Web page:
The campaign for strict hen-rights rules has won out in California. Starting in 2015, cages will have to be large enough for the birds to stand up, lie down and spread their wings without touching each other or the sides of the cage. California voters adopted these rules for in-state egg producers two years ago. Last week, Governor Arnold Schwarzenegger signed a law that extended the rules to out-of-state producers who want to sell their eggs in California.

Personally, although I applaud the movement toward the prevention of cruelty in egg producing hens, it simply isn’t enough for the betterment of the hen’s life.   But I don’t want to criticize any progress on the farm-animal rights movement.  Perhaps is a small step, but I hope it isn’t the only and last step in making conditions better for the food-producing animals of our nation.    At least,  what is driving the animal-rights movement today is a surprisingly strong level of popular support. When California’s egg referendum was on the ballot in 2008, it won in a landslide, taking more than 63% of the vote. 

In the meantime, animal-rights activists have also been targeting foie gras in recent years because it is made by force-feeding ducks and geese in a way that is unnatural and cruel.  So far, the state of California has banned force-feeding to create foie gras, and Hawaii is currently considering banning the sale of the delicacy.   Also, Governor Ted Strickland of Ohio – a major farm state – brokered a deal between the Farm Bureau and the Humane Society. In exchange for the farm group’s commitment to work toward a list of tough new animal-rights laws – including phasing out a particularly harsh kind of crate for pregnant sows and banning the strangulation of pigs and cows – the Humane Society is holding back on its plans to put an anticruelty referendum on the ballot this November.

Hopefully, more states will take on California’s new law for the betterment of the life of an egg-laying hen.  I try to keep up hope for these small steps, but when I look at the years and years it takes for a small law change such as increasing the cage sizes, I feel disheartened.    Egg-laying hens need to be taken OUT of the cages.    And seriously, more and more people need to keep their own chickens and take the responsibility of their egg source into their own hands and deal with the hens themselves.  Large factory farms exist because we as a nation have moved from our willingness to take control of our sustenence.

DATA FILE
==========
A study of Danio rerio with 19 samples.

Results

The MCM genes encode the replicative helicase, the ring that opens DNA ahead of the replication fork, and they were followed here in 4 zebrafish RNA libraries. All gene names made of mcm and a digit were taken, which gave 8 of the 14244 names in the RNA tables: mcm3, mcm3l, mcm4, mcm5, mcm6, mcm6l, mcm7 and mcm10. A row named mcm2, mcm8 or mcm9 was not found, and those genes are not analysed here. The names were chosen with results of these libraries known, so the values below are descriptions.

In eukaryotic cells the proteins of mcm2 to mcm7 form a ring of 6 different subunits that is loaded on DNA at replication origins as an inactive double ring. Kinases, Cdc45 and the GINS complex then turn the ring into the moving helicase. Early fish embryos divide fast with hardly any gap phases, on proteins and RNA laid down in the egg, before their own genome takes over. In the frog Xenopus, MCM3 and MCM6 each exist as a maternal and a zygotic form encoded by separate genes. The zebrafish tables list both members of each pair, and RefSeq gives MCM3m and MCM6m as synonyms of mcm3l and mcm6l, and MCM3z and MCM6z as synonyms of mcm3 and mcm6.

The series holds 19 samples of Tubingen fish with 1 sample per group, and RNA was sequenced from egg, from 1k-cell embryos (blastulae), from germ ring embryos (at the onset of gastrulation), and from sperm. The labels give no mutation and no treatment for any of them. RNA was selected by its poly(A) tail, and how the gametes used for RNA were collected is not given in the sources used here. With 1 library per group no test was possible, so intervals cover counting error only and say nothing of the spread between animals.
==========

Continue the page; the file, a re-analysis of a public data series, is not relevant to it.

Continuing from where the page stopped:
More and more laws that require animals that produce or become food to be treated decently while they are alive need to be put into effect, quickly.   While those of us who can stop supporting ANYTHING that is a large scale producing farm need to produce our own eggs or buy them from people who raising their chickens sustainably and conciously.

MORE INFORMATION: Animal Rights: New Laws Take Movement to the Mainstream


3 COMMENTS

  1. I recently saw a multiple-episode documentary on the Sundance Channel about an English chef/restauranteur who wanted to conduct an experiment about chickens. (I believe his first name was Hugh and the last name was a hyphenated one. I will have to do some research.) Although he personally eats poultry and serves it at his restaurant, he was curious about the phenomenon of “cheap chicken” in England (he often refers to a popular deal in grocery stores there – “two for fiver” meaning two chickens for 5 pounds.) As a chef, he was positive this kind of poultry couldn’t taste as good as that raised more naturally so he set out to find out if this were the case. He set up a chicken house with two sections – one following the national guidelines for factory-farmed chickens and the other permitting chickens access to a grass yard. The number of chickens housed on each side was the same. It was astonishing to see, as the episodes progressed, how many chickens died on the conventional side vs. the outdoor side. The chef had a mentor from the chicken industry show him the standard procedures including the culling of the flock. I was heart broken when the chef actually wept as he was “forced” to kill chickens day after day simply because they didn’t meet the “standard.” As someone who has rescued and rehabilitated a chicken who had fallen from a poultry producer’s truck, I could not imagine having to do such a thing! An additional experiment involved giving chickens to a group of residents in low-income housing to raise. They built the coop and the yard themselves and took care of the chickens day after day. These same people, who once only thought about the cost of their next chicken meal, came to think of chickens in a whole new way once they cared for them. It was extremely enlightening, hard to watch at times, but something I think anyone interested in animal welfare or even someone who eats chicken and wants to do so in an informed way should see. I will try to find the name of the show and the chef and post it here as it was such valuable viewing.

  2. Found it. Hugh Fearnley-Whittingstall and the show was called “Hugh’s Chicken Run” when aired on BBC’s Channel 4 but I’m not sure what it was called when aired in the US.

    • HFW (short version) is more than just a chef in fact he is a cook who started a smalll holding in Devon Uk and inspred me to start on the road to self sufficiency (although not to spelling well) look up “river cottage” on you tube to see what he is about.